Why we believe in social emotional learning
Ben Forman's remarks at the Social Emotional Learning Policy Forum
Below are excerpts from Ben Forman’s introductory remarks at the Social Emotional Learning Policy Forum. This welcome sets up the discussion to follow in the context of MassINC’s mission to help foster the growth and vitality of the Commonwealth’s middle class.
Our focus at MassINC is serving as a nonpartisan voice for state policies that support a growing middle class; about decade ago, we started to organize our work around the Gateway Cities. This was in recognition that the communities where low-income families are increasingly concentrated have an outsized role, as either launching pads up into the middle class or as pockets where persistent generational poverty have formed.
This is why we have a lot riding on social-emotional learning. If you’ve read Robert Putnam’s latest work, you can’t help but make the association between getting or not getting the enrichment experiences that are critical to social-emotional development depending on what side of the town boundary you live on—Lawrence or Andover, Dartmouth or New Bedford, Canton or Brockton, Springfield or Longmeadow.
In the latest issue of Commonwealth magazine, we actually quantify this divide, with figures that show Gateway City teens participate in high school sports at half the statewide rate. That’s almost identical to the difference between the college graduation rate for Gateway City students and the college graduation rate for Massachusetts students statewide, and the median income in our Gateway Cities and the median income statewide. I would venture that the gap in sports participation didn’t exist a generation ago, when the median income for Gateway Cities was identical to the state.
Social-emotional learning is a great way to personalize education and address all of a student’s developmental assets, but from my perspective as an urban planner who’s most interested in communities, it’s social emotional learning’s potential to make us better citizens that interests me most. If you follow Robert Putnam’s other line of scholarship, which shows how much more difficult it is for citizens in diverse and changing communities to engage with one another and coalesce behind a shared vision, that I think is where the real promise of social emotional learning lies.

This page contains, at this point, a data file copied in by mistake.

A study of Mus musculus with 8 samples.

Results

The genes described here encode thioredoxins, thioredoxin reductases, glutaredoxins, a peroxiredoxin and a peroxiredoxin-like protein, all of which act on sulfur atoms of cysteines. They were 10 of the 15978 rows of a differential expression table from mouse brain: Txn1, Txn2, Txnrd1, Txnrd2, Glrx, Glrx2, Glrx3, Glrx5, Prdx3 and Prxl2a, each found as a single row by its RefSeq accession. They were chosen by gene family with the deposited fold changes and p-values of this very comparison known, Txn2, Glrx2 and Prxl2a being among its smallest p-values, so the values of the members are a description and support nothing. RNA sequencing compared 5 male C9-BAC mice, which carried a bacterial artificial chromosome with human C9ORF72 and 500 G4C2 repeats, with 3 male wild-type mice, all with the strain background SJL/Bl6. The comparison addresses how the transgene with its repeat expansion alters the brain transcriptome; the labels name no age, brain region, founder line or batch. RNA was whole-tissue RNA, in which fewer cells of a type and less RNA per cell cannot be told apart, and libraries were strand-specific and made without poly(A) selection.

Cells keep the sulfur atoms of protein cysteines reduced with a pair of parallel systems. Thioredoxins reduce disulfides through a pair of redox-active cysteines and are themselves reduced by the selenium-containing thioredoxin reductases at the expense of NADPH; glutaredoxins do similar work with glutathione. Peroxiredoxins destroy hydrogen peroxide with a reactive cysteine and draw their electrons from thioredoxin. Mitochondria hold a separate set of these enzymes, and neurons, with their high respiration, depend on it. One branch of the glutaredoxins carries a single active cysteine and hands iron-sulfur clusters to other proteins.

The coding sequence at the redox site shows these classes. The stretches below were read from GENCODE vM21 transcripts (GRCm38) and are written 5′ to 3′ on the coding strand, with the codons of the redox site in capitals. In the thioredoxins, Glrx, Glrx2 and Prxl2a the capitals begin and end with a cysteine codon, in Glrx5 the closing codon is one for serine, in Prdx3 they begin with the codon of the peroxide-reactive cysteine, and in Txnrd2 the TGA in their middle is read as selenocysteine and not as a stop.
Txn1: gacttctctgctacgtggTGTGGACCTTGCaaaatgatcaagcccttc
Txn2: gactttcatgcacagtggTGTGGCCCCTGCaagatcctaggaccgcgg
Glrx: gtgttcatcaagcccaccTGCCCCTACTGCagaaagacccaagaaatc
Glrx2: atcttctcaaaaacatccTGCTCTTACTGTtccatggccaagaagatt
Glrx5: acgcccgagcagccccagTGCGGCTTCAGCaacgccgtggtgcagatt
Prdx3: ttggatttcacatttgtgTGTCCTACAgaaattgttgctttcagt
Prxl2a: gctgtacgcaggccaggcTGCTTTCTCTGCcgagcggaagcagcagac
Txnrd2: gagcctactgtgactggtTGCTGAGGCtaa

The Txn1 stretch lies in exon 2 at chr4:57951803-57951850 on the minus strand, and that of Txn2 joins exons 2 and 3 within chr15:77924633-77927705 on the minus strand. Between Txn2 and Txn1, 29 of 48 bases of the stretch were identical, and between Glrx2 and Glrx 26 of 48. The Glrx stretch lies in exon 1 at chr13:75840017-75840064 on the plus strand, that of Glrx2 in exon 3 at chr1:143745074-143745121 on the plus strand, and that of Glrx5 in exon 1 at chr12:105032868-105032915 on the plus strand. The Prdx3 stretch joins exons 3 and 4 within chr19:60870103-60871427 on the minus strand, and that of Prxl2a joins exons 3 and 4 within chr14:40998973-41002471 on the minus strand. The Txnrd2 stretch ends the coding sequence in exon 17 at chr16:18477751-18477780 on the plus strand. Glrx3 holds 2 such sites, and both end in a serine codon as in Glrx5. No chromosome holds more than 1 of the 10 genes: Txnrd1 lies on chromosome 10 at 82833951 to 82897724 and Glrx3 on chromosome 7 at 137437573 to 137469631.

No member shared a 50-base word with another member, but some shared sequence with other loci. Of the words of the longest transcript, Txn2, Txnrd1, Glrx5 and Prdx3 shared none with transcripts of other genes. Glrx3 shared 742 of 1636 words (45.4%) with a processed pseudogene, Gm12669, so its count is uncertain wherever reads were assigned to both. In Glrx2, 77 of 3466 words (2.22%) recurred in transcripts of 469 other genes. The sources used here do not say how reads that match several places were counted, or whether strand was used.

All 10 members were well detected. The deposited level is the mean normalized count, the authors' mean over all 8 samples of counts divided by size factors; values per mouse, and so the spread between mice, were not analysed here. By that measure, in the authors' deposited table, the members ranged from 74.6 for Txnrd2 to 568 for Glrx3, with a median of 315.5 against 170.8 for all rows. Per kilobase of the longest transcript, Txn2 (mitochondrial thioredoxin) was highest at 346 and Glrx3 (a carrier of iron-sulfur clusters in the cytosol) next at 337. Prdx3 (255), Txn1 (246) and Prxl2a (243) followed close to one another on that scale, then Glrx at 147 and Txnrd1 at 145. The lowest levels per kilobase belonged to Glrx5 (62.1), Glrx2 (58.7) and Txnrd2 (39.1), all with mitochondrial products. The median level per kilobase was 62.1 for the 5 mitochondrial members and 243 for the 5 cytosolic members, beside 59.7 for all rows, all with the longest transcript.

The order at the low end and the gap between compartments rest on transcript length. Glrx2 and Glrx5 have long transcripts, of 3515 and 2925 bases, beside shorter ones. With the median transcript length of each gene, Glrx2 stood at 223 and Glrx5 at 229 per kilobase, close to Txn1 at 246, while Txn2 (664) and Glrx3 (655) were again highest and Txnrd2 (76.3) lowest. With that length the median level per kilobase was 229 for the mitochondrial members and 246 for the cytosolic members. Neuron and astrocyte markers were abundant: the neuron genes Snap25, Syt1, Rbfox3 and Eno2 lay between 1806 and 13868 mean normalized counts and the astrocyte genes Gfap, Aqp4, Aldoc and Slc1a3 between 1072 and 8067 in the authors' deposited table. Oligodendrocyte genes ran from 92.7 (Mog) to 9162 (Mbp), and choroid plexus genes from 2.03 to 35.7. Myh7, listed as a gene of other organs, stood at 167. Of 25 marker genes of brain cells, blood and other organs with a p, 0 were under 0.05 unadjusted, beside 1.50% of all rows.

I know it’s not in our DNA as Americans to accentuate the importance of collective action, but there is just no way that we are going to confront the challenges of our time unless we are able to work together effectively in multicultural communities. This is the litmus test for our Gateway Cities and how good they get at social-emotional learning—not just in the schools but in the formative learning experiences that are offered across the entire community—will be a deciding factor.We’ve been talking about this for nearly four years with Gateway City leaders who recognize the imperative and frankly I’m disappointed by the slow pace of progress. Nobody has been calling for a moon shot on this issue even though we have the basic technology to do this in our grasp. In fact, Chris Gabrielli has been a big part in developing the technology through his work with the National Center for Time on Learning. If you haven’t read it yet, please take a look at the case study we put out last week looking at how he’s helped Lawrence provide students with expanded learning opportunities.
What gives me hope is that Chris is now fully engaged in this problem and working to develop assessments—the last piece of the technology that we’ll need—through Transforming Education.